A recent article published in The New York Times (July 15, 2020) with the title “In Shadow of Pandemic, U.S. Drug Overdose Deaths Resurge to Record” approaches the issue in the current pandemic crisis. The authors say “Nearly 72,000 Americans died from drug overdoses last year, according to preliminary data released Wednesday by the Centers for Disease Control and Prevention — an increase of 5 percent from 2018. Deaths from drug overdoses remain higher than the peak yearly death totals ever recorded for car accidents, guns or AIDS, and their acceleration in recent years has pushed down overall life expectancy in the United States.
In this respect, a study published in Science Daily (February 21, 2019) found that drug overdose death rates in the United States are 3.5 times higher on average when compared to 17 other high-income counties.
A team from the University of Southern California led by Jessica Ho examined the drug overdose mortality rate between 1994 and 2015 in 18 developed countries. They found that, for more than a decade, the United States has had the highest drug overdose mortality rates: 27 times higher than in Italy and Japan, which have the lowest drug overdose mortality rates of the countries evaluated. Between 2003 and 2013, drug overdose mortality increased by 0.73 (men) and 0.26 (women) deaths per 100,000 population in the countries considered, compared to 5.53 (men) and 4.15 (women) deaths per 100,000 population in the United States. “One of the most surprising findings of this study is that it has not always been like this. In the late 1990s, Nordic countries such as Finland and Sweden had the highest mortality rates. Furthermore, the countries with the highest risk of following in the footsteps of the US in the coming years are Canada, Australia and the United Kingdom”.
What about 2020 overdose mortality epidemic figures?
The recent New York Times aforementioned affirms “It looks as if 2020 will be even worse. Drug deaths have risen an average of 13 percent so far this year over last year, according to mortality data from local and state governments collected by The New York Times, covering 40 percent of the U.S. population. If this trend continues for the rest of the year, it will be the sharpest increase in annual drug deaths since 2016, when a class of synthetic opioids known as fentanyls first made significant inroads in the country’s illicit drug supply.”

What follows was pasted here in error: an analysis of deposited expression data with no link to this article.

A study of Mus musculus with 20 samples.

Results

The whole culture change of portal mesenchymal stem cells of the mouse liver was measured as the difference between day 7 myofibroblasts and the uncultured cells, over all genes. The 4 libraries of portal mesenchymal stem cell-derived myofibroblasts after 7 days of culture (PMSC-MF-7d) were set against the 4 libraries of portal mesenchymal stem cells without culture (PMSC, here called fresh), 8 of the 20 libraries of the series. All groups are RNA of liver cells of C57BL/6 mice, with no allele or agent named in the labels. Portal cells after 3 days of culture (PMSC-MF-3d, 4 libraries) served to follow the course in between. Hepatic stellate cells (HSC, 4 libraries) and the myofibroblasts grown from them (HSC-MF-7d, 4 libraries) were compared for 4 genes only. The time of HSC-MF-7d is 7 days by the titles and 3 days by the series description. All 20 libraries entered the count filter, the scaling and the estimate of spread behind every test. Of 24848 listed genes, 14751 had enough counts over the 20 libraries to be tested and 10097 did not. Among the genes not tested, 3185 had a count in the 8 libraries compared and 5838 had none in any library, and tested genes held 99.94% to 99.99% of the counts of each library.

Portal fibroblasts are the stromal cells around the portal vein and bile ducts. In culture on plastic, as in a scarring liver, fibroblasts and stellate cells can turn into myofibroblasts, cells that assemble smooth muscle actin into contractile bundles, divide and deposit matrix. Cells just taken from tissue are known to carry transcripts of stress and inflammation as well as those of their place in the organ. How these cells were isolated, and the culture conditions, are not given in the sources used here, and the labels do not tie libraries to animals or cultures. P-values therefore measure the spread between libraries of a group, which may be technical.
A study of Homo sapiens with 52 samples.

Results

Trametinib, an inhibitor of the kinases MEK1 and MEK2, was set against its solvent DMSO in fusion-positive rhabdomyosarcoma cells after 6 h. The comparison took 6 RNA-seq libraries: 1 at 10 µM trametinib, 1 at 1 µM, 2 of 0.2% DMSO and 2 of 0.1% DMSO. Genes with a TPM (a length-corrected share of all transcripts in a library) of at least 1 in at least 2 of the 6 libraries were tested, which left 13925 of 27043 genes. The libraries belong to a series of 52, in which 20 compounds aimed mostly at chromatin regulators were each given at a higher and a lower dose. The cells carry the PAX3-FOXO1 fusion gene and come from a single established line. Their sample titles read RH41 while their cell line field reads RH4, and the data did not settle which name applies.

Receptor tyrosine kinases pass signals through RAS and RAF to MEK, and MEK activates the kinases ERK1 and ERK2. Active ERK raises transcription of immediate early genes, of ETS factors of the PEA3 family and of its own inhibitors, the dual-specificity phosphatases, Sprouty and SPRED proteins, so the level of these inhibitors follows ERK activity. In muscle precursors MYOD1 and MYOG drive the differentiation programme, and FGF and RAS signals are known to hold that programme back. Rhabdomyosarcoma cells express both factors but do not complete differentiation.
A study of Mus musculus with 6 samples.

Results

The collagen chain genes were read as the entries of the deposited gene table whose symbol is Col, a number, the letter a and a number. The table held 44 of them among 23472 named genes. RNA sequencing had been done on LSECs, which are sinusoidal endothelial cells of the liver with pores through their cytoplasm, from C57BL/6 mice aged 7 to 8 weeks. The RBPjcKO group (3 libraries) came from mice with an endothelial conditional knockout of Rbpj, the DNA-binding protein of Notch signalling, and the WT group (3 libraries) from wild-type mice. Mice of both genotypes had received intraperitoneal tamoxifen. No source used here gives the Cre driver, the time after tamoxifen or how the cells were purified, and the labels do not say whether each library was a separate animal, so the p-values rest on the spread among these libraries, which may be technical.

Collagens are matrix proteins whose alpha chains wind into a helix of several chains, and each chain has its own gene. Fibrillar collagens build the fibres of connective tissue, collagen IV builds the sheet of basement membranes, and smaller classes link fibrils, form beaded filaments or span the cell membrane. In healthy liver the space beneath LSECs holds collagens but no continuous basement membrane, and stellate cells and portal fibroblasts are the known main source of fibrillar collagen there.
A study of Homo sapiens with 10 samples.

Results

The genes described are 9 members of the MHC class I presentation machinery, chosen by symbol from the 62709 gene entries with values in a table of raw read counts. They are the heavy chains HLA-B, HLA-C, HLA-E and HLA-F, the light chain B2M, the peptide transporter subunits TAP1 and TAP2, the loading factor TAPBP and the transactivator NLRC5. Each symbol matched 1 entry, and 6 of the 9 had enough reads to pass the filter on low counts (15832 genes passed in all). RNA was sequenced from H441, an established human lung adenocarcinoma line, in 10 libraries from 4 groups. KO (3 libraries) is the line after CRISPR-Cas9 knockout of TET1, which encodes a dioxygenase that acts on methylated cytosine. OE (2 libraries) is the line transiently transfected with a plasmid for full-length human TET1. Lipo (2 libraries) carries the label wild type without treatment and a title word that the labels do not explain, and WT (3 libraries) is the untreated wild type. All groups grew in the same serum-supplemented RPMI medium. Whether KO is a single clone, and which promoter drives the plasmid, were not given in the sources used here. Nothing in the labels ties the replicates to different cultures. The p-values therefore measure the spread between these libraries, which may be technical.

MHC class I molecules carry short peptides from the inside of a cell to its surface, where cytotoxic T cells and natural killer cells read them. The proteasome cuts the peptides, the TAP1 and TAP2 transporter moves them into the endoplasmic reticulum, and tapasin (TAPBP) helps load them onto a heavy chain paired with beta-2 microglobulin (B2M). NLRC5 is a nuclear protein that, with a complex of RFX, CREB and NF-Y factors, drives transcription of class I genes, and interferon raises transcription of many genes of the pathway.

But will it stay that way?
The authors continue with the Administration measures to fight overdose mortality epidemic, “President Trump made much of the slight decrease in overdose deaths in 2018, pointing to his administration’s efforts to expand addiction treatment and restrict the drug supply. Mr. Trump and Congress have provided several billion dollars in grants to states since 2017 for treatment, prevention and recovery services, expanding access to buprenorphine treatment in particular. But at the same time, the administration has continued fighting in court to overturn the Affordable Care Act, a law that has allowed states to expand Medicaid and provide free addiction treatment to low-income adults.”
Overdose mortality epidemic and Covid-19 pandemic
The article ends his review with this phrase, “Several public health experts said conditions created by the pandemic could hurt the nation’s fragile progress in fighting the surge of drug deaths, but noted that the overdose rate was on its way back up well before the virus arrived. “COVID just makes it a bit worse,” said Dr. Dan Ciccarone, a professor of medicine at the University of California, San Francisco, who studies the opioid epidemic. “It’s a small wave riding on top of a tsunami that continues to devastate.”